State lawmakers in Connecticut passed a bill Tuesday that would end the state's policy of allowing families to claim religious exemptions from the public school system's immunization requirements, except for those who have claimed them in the past.
The Associated Press reported that the bill passed the state's Democratic-controlled House of Representatives on a mostly party-line vote, and now heads to the state Senate. Gov. Ned Lamont (D) has indicated his support for the measure.
An amendment to the bill, passed minutes before the legislation's final approval, allows those who have claimed religious exemptions for vaccines in past years to continue to do so. The aim of Tuesday's bill was to prevent parents from using religious exemptions to keep their child from being required to receive a vaccine as a result of fears surrounding the vaccines' efficacy and safety.
Tuesday's bill will not apply to COVID-19 vaccines, which are not mandated under the state's vaccination protocols for public schools.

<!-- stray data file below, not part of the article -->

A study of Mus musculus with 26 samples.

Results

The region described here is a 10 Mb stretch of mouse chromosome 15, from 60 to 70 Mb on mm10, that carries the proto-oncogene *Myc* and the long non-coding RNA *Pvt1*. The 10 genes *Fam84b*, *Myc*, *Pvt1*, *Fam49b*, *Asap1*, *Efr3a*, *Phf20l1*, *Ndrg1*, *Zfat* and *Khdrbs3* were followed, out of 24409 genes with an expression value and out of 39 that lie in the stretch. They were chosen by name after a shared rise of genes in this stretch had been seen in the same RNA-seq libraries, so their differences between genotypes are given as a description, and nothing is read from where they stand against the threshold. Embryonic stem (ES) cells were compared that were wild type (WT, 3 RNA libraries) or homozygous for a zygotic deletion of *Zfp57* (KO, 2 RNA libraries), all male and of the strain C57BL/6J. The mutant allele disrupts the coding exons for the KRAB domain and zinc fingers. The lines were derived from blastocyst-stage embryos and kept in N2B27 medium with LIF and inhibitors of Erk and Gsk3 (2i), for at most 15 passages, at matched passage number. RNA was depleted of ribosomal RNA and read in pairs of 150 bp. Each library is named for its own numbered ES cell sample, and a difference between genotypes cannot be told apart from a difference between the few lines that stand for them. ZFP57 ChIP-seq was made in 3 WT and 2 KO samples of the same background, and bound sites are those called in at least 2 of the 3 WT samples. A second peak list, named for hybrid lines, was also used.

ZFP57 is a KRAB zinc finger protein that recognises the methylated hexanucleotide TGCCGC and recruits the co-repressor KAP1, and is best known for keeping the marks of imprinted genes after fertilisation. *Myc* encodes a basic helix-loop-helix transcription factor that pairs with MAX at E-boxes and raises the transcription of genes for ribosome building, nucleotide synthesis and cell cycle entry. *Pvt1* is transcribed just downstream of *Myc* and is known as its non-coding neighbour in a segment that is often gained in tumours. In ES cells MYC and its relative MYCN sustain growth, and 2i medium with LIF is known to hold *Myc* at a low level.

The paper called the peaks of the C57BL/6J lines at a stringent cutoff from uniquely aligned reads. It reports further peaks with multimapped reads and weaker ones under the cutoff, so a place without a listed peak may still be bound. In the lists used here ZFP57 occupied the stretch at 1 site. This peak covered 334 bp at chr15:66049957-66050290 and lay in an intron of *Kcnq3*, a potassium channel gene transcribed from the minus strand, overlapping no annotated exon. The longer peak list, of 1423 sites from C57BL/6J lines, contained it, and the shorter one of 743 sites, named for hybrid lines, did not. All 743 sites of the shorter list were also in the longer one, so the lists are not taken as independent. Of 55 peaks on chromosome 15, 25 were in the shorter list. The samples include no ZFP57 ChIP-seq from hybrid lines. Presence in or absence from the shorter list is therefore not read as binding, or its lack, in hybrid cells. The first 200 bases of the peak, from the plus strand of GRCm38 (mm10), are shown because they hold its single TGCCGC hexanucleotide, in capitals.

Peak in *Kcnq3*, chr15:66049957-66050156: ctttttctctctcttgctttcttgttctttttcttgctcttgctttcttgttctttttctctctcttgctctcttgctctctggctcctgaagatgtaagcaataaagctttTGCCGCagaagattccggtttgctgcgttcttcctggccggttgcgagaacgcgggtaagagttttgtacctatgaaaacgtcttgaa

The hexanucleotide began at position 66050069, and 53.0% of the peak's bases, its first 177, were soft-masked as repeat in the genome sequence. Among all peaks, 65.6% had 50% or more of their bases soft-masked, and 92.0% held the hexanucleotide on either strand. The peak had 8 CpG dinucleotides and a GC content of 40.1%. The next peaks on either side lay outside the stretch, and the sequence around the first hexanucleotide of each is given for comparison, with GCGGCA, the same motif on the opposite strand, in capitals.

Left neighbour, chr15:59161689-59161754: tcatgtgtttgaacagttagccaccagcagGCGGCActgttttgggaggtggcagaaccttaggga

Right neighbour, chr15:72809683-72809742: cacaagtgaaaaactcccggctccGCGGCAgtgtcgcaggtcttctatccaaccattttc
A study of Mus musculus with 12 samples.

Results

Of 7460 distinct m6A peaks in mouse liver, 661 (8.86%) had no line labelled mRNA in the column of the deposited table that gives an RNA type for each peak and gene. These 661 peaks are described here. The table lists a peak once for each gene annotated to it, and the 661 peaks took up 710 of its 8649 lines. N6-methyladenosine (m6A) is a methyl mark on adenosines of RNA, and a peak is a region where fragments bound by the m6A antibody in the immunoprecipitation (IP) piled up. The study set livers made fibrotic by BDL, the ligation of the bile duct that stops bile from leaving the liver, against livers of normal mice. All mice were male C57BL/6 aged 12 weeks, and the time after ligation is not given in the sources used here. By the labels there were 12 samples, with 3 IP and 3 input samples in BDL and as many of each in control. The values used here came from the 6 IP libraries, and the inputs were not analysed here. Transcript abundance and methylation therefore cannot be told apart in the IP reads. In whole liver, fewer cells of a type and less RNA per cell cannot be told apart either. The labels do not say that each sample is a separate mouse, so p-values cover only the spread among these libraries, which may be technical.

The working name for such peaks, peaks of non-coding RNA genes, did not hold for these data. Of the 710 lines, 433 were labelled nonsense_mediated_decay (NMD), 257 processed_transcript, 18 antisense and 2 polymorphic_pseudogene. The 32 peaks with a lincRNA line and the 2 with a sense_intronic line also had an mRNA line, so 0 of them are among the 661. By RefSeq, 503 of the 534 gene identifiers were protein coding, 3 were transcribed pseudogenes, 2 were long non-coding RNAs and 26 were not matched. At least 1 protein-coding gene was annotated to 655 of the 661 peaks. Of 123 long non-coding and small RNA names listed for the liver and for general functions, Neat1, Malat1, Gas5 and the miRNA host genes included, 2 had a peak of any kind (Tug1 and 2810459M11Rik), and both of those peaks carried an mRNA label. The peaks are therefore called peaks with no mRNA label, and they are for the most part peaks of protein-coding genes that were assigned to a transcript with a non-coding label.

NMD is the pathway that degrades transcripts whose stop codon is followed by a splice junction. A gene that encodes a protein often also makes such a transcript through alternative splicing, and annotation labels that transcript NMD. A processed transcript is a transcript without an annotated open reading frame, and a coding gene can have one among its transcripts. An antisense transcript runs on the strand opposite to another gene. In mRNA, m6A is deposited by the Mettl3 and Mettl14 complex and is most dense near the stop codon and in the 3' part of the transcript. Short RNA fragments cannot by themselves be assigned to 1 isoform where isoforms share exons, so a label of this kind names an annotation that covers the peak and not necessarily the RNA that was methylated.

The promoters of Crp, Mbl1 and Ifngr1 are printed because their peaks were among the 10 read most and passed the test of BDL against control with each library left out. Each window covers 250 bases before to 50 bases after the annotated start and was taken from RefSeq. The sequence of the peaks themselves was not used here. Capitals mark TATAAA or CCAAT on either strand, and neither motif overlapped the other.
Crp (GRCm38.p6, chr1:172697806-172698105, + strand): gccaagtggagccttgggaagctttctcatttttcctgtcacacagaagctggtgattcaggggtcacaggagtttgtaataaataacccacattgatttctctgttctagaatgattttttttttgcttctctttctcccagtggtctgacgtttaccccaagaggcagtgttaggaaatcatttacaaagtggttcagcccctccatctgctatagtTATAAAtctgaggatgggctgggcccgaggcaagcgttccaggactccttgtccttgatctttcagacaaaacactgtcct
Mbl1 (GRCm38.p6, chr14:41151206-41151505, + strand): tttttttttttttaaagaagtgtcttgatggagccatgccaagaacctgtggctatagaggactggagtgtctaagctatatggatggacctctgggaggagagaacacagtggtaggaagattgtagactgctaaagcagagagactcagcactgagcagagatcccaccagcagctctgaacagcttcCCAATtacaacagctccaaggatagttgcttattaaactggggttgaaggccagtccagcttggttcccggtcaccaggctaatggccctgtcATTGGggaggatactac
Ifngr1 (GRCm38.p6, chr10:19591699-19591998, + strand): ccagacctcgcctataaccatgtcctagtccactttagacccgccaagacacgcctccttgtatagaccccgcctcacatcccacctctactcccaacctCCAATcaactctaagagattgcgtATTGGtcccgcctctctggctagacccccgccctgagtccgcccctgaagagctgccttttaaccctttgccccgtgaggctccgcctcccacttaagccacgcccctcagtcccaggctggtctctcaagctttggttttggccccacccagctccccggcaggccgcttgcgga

"Vaccine hesitancy is becoming a direct and serious threat to the public health. It demands a proactive approach, not a reactive one," said one of the bill's supporters, state Rep. Jonathan Greenberg (D), who added in a statement to the AP: "We need to act and act before we have an epidemic, an epidemic that we can prevent."
Democrats who supported the bill pointed to a rising trend of parents in the state who have sought exemptions for a religious reason as a potential public health issue in the making. The state's medical exemptions for vaccinations will still endure under the new law.
"There is a trend and we need to somehow stop that trend in its tracks to ensure that our public schools are safe environments," state Rep. Michelle Cook (D) told the Hartford Courant.